Fixing our broken immigration system is vital to America’s economic recovery.
As our economy shrinks, state governments are desperate for revenue. Without additional sources of funds, they are increasingly making the decision to cut important social services, raise taxes or even worse, lay off hard-working state employees.
Recently, Tennessee laid-off 850 workers (the Department of Intellectual Disabilities took the biggest hit, along with children’s services). Gov. Phil Bredesen called these cuts “unfortunate, but necessary” to keep Tennessee afloat.
Although there is no silver bullet for our economic troubles, an important source of revenue and economic growth is available to states across the nation, if we have the foresight and resolve to reform our immigration system now.
It is no secret that there is an underground labor force in this country. For more than 20 years, the immigration system has grown increasingly out of sync with the needs of a healthy economy, and immigrant workers have been lured here through an immigration system designed to fail. The government sends these workers mixed messages, making it dangerous and expensive to cross the border, yet issuing taxpayer numbers and collecting taxes once they get here. The vast majority of these immigrants come to work honest jobs and create a better future for their families. Instead, they are often exploited by bad apple employers and left without a pathway to citizenship.
Rather than continuing to enforce policies that aren’t working, what if we gave these folks a chance to get on the right side of the law, while securing our borders and reforming our laws so that this doesn’t happen again?
Imagine the economic impact of millions of immigrants paying their back taxes and a fine to register with the government. Imagine the new revenue generated when these immigrants can finally buy insurance, earn a driver’s license and purchase a car. Imagine the benefit for American workers when bad apple employers can no longer exploit these immigrants to bring down wages.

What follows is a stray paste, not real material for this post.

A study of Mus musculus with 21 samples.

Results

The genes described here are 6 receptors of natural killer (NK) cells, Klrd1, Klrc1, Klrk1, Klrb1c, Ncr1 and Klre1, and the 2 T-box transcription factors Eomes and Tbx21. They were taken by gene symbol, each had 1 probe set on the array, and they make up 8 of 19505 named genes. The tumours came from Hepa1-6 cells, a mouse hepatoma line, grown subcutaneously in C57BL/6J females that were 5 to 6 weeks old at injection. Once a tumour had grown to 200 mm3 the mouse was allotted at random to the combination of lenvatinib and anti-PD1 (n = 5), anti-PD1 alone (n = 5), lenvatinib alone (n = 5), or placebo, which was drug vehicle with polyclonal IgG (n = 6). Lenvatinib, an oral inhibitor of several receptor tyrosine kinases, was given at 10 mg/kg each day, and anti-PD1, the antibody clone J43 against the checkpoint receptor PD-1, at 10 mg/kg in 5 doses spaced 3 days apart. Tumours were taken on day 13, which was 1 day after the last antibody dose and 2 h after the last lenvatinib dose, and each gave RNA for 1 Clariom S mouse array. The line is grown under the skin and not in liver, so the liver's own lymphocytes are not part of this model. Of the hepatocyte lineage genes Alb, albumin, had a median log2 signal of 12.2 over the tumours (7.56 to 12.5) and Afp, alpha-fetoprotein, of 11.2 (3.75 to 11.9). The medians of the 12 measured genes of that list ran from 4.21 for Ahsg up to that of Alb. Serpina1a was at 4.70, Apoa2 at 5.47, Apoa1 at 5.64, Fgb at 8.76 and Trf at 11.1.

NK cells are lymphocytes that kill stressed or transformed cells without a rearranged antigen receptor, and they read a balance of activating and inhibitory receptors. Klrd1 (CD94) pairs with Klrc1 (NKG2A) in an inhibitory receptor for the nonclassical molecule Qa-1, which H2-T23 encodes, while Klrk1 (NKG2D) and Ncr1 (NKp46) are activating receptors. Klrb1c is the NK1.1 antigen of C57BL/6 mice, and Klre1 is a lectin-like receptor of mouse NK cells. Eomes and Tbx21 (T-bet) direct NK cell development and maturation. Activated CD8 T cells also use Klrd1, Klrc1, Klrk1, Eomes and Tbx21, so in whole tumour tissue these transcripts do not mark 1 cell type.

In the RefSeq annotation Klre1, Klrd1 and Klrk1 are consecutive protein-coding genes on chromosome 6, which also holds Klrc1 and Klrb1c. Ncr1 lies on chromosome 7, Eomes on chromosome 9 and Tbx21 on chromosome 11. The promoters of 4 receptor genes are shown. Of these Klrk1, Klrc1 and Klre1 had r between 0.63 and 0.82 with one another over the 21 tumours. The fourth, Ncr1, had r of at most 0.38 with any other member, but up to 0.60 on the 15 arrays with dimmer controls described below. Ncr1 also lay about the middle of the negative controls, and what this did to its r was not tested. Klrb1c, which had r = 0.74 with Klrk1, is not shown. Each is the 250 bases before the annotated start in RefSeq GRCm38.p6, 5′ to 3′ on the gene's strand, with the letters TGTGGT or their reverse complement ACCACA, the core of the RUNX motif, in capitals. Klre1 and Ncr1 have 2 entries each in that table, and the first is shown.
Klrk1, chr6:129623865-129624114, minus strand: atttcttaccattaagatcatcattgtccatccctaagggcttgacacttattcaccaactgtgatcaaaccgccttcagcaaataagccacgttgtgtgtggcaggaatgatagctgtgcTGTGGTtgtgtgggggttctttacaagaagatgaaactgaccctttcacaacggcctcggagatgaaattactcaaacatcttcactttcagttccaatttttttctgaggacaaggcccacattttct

Every day we delay reforming our immigration system, we suffer economically. According to UCLA researcher Raul Hinojosa, legalizing immigrant workers would contribute $1.5 trillion to the nation’s productivity over 10 years, as more tax revenues are collected, wages increase for U.S.-born and foreign-born workers alike, and immigrants spend more in our economy.
There are some who would argue that reforming our immigration system is unnecessary. To them, all we need to do is enforce the law, deport millions of immigrant workers and hope our unemployment numbers shrink as a result.
Unfortunately, there are two main problems with this plan.
First, unemployment is a critical problem facing our nation. Millions of Americans are out of work and struggling to keep their families afloat. That’s why we shouldn’t take it lightly by suggesting that mass deportations would solve our problems. It is unrealistic to think that unemployed GM workers from Smyrna, Tenn., can pack up their families, take a bus to Georgia and harvest crops as migrant farm workers. What we need are real middle-class jobs. We need better opportunities for everyone. We need stabilization in the economy, and immigration reform is a huge part of that.
Second, we have tried the enforcement-only approach. That has basically been the strategy of every president since Reagan. In that time period, we’ve increased the dollars spent on immigration enforcement, yet the number of undocumented workers has increased every year. It is unrealistic to suggest that we could or should devote our limited resources to trying to identify and deport more than 10 million people, while leaving some of their children and spouses alone to fend for themselves. If the anti-reform lobby has its way, we will spend hundreds of billions of dollars trying to do just that. Worse yet, if successful, this policy would shock local economies, resulting in $1.8 trillion in annual lost spending, $651.5 billion in annual lost output, and millions of lost jobs, according to a study last year by The Perryman Group.
In a time of economic turmoil, we can’t afford to waste our money on unrealistic policies that would hurt American workers and families. Blind enforcement of our broken immigration policies is the business-as-usual approach. What we need are workable solutions that uphold our values and move us forward together.
As Congress prepares to address the most important problem facing our nation — the economy — we should hope lawmakers realize that reforming our broken immigration system is an essential part of the solution.
Elias Feghali is communications director for the Tennessee Immigrant and Refugee Rights Coalition.